Cambodian Military Cracks Down on Striking Garment Workers


Commandos from an elite military unit cracked down violently on striking garment workers in the outskirts of Cambodia’s capital on Thursday, arresting five monks and 10 others in a display of force that has been described by a rights group as unprecedented.

The soldiers from Special Command Unit 911 were deployed to crush the demonstration over minimum wages near the Yak Jin factory in Phnom Penh after more than a week of strikes that had led to the closure of hundreds of factories across the country.

Opposition politicians, who have been supporting the garment workers in their campaign for a doubling of the minimum wage, protested the military action, saying they would cancel planned talks with Prime Minister Hun Sen’s government over disputed July elections.

In quashing the demonstration, soldiers armed with rifles and shields hit protesters with sticks and batons, arresting 15 people including the monks and activist leaders, witnesses and rights groups said.

Some of the detainees were beaten severely as they were arrested and taken to the unit’s base nearby, rights groups said.

Local rights group Licadho called the crackdown “a blatant and illegal attempt to break a legal strike.”

The use of Unit 911 to suppress the demonstration “is unprecedented and signals a disturbing new tactic by authorities to quash what have been largely peaceful protests,” it said.

Authorities released the five monks late Thursday night after demonstrators staged sit-ins blocking national highways going through the city to demand the release of all those arrested.

Facing charges

The 10 workers remained in custody and will be taken to court on Friday to have charges filed against them, military police told RFA’s Khmer Service.

Among the detainees is union leader Vorn Pov, President of Independent and Democracy of Informal Economic Association (IDEA), who sustained a blow to the head requiring stitches.

Another of those arrested sustained a broken arm, witnesses said.  RFA’s reporter saw one monk who was beaten and a demonstrator who was taken away to the hospital.

Military police spokesman Kheng Tito said the 15 were arrested because they were provoking other workers to go on strike.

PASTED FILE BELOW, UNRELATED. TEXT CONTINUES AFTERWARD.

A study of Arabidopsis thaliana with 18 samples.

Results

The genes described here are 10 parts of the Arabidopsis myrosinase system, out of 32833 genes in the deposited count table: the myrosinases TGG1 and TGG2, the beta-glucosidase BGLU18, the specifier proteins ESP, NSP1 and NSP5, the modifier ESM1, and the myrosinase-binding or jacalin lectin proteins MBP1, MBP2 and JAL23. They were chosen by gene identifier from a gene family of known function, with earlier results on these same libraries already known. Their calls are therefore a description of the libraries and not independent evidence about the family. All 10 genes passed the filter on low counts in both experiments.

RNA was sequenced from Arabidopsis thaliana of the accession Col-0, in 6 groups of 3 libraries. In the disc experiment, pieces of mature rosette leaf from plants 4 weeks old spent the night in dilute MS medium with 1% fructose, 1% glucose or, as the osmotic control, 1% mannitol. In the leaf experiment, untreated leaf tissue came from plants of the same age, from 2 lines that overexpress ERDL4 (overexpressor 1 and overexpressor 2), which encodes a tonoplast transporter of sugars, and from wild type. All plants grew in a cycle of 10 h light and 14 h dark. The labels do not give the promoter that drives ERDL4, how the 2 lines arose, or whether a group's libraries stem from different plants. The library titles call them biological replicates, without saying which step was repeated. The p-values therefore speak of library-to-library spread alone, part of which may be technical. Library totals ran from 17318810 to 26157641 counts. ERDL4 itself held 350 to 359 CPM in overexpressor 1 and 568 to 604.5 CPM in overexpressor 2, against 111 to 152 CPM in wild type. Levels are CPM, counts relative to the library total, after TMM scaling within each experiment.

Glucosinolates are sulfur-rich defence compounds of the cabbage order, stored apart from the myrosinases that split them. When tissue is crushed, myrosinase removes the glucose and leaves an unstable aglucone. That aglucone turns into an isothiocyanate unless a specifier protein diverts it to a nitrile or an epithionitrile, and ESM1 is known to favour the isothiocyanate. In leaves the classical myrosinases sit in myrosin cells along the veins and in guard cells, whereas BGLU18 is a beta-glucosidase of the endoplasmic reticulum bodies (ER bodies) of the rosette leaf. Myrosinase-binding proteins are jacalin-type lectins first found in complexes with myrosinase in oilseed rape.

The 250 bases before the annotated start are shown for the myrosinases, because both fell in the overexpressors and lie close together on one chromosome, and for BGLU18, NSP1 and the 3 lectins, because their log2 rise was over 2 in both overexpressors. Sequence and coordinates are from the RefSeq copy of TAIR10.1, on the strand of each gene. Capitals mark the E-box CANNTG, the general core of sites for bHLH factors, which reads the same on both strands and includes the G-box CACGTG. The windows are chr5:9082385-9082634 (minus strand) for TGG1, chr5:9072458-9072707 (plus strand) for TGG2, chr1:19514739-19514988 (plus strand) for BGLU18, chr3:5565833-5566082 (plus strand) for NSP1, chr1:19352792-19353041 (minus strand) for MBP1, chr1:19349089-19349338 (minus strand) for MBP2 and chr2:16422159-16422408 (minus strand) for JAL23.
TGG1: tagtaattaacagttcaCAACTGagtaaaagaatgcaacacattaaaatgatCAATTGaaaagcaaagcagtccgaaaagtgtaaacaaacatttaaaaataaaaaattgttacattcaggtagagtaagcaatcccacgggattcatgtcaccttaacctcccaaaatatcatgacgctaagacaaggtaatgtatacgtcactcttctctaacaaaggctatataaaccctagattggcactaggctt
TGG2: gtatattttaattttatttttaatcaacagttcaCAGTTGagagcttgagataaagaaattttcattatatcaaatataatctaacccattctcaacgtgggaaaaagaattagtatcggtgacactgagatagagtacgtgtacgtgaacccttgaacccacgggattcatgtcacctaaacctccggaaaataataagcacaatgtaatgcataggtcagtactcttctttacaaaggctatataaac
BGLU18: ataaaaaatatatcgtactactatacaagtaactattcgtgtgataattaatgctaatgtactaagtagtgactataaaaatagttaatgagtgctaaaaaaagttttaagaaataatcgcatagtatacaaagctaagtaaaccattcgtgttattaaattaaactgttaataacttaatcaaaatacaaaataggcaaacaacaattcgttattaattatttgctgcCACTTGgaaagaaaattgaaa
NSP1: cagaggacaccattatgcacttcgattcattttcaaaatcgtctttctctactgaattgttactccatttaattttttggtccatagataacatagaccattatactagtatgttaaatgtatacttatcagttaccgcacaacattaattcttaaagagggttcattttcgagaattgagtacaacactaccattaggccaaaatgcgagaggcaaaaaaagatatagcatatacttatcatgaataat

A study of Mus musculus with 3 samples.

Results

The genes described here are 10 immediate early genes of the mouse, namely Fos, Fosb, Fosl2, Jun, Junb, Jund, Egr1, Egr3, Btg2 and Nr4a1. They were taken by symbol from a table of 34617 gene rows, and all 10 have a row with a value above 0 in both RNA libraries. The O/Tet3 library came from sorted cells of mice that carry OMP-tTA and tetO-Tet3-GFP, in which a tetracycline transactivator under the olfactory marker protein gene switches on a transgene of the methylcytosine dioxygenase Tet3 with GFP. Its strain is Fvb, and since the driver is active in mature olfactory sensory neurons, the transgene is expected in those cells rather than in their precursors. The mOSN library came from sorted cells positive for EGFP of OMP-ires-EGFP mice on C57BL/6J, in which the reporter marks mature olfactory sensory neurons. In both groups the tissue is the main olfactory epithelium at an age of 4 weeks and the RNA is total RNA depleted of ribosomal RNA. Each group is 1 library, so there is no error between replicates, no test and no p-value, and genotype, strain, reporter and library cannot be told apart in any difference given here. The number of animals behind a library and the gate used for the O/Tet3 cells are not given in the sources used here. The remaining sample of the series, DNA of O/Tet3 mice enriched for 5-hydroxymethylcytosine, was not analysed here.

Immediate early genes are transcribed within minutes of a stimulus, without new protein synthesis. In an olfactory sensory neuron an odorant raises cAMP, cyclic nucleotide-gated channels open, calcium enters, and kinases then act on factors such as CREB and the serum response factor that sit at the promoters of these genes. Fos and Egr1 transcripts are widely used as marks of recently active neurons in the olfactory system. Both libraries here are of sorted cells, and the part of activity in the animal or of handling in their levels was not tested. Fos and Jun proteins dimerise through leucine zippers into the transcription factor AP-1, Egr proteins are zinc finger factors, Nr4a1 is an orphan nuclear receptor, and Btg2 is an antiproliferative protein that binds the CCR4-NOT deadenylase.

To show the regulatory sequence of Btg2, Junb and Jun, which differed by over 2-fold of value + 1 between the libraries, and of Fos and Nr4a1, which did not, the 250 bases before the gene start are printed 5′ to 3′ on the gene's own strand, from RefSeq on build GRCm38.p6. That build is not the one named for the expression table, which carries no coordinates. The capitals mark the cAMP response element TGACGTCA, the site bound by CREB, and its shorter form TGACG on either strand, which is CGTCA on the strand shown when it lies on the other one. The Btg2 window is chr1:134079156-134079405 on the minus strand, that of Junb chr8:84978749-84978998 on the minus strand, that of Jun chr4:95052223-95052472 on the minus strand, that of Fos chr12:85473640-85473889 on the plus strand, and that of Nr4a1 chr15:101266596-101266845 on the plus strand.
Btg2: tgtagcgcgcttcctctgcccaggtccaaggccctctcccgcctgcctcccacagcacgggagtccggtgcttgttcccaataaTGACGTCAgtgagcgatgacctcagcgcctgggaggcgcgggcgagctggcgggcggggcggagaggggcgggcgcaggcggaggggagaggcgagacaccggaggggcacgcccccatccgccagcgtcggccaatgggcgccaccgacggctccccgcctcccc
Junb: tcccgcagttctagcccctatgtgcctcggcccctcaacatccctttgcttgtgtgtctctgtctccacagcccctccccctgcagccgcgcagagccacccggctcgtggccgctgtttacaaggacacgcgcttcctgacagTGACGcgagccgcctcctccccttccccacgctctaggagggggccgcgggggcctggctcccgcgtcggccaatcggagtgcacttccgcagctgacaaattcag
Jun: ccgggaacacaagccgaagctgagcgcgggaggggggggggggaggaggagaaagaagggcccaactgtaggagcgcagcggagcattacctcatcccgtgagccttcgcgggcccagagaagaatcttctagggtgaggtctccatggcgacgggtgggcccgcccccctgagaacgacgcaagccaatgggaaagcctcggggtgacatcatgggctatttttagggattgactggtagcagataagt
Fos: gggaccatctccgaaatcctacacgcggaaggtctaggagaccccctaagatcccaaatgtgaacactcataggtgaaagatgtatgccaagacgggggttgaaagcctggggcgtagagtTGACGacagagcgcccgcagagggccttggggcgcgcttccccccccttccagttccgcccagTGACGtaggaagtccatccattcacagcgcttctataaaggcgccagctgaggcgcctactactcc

“Their demands are beyond the limitation and have led to abuse of the law, so the authorities must implement the law to protect public interests,” he said.

Thousands of workers in the city have staged strikes and protests since last week to demand the government increase the minimum wage for garment and footwear workers to U.S. $160 a month, double the current rate.

The strikes have blocked roads in the capital and threatened to cripple the garment industry, which is a key national currency earner.  

The strikes began after the ministry of labor announced a smaller increase in the wage, prompting workers to join mass protests being held by the opposition Cambodia National Rescue Party (CNRP) demanding Hun Sen step down over disputed national elections earlier this year.

CPP-CNRP talks derailed

The CNRP condemned Thursday’s crackdown, announcing that it was cancelling talks with officials from Hun Sen’s Cambodian People’s Party (CPP) about the election dispute that were set to begin Friday.

The two sides have been stuck in a political deadlock since the CNRP boycotted parliament in protest against the outcome of national elections in July it says were ruined by fraud. The CNRP has called for nonstop protests until the dispute is resolved.

In a statement announcing its decision, the CNRP said it was putting off the meeting “due to the violent crackdown” and that by ordering the move, the CPP-ruled government had violated promises made to the CNRP in September not to use violence against protesters.  

“The CNRP will reconsider to return to talk to resolve political deadlock only when the CPP’s authorities stop using violence against the monks, workers, and the people,” the statement said.

The CPP said it was disappointed by the CNRP’s decision to cancel the talks, blaming the opposition for provoking social unrest by encouraging protests.  

“The CPP is sad to see the CNRP’s statement that it has decided to postpone the talks because of a clash that was originally provoked by the CNRP. This shows that the CNRP has no will to seek political solutions through talks,” the party said in a statement.

“The CPP urges the CNRP to stop inciting any violent actions to provoke social unrest and to return to talks to resolve issues peacefully.”

Cambodian officials have called for workers to accept a more modest wage increase and stop the strikes, saying the demonstrations have provoked social unrest.

Union demands

Earlier this week the Ministry of Labor announced it was increasing the planned wage hike by another U.S. $5, bringing it up from the current rate of U.S. $80 to U.S. $100 per month beginning in February.

It had previously promised a new rate of U.S. $95 per month would be implemented from April.

After the crackdown on Thursday, union leaders insisted they were sticking to their demands for a U.S. $160 monthly minimum wage to be instituted immediately.

Leaders from nine prominent unions gathered in Phnom Penh urged the Ministry of Labor to find a solution to the wage dispute by Saturday, saying they would stop the strikes if officials resumed negotiations with them by that time.

“Unions have agreed that if there is a solution, we will ask the workers to return to work but if there are no talks, the workers will continue their strikes,” CCU president Rong Chhun said.

Talks last week between six six union representatives and Ministry of Labor representatives failed to produce a compromise.

Reported by RFA’s Khmer Service. Translated by Samean Yun. Written in English by Rachel Vandenbrink.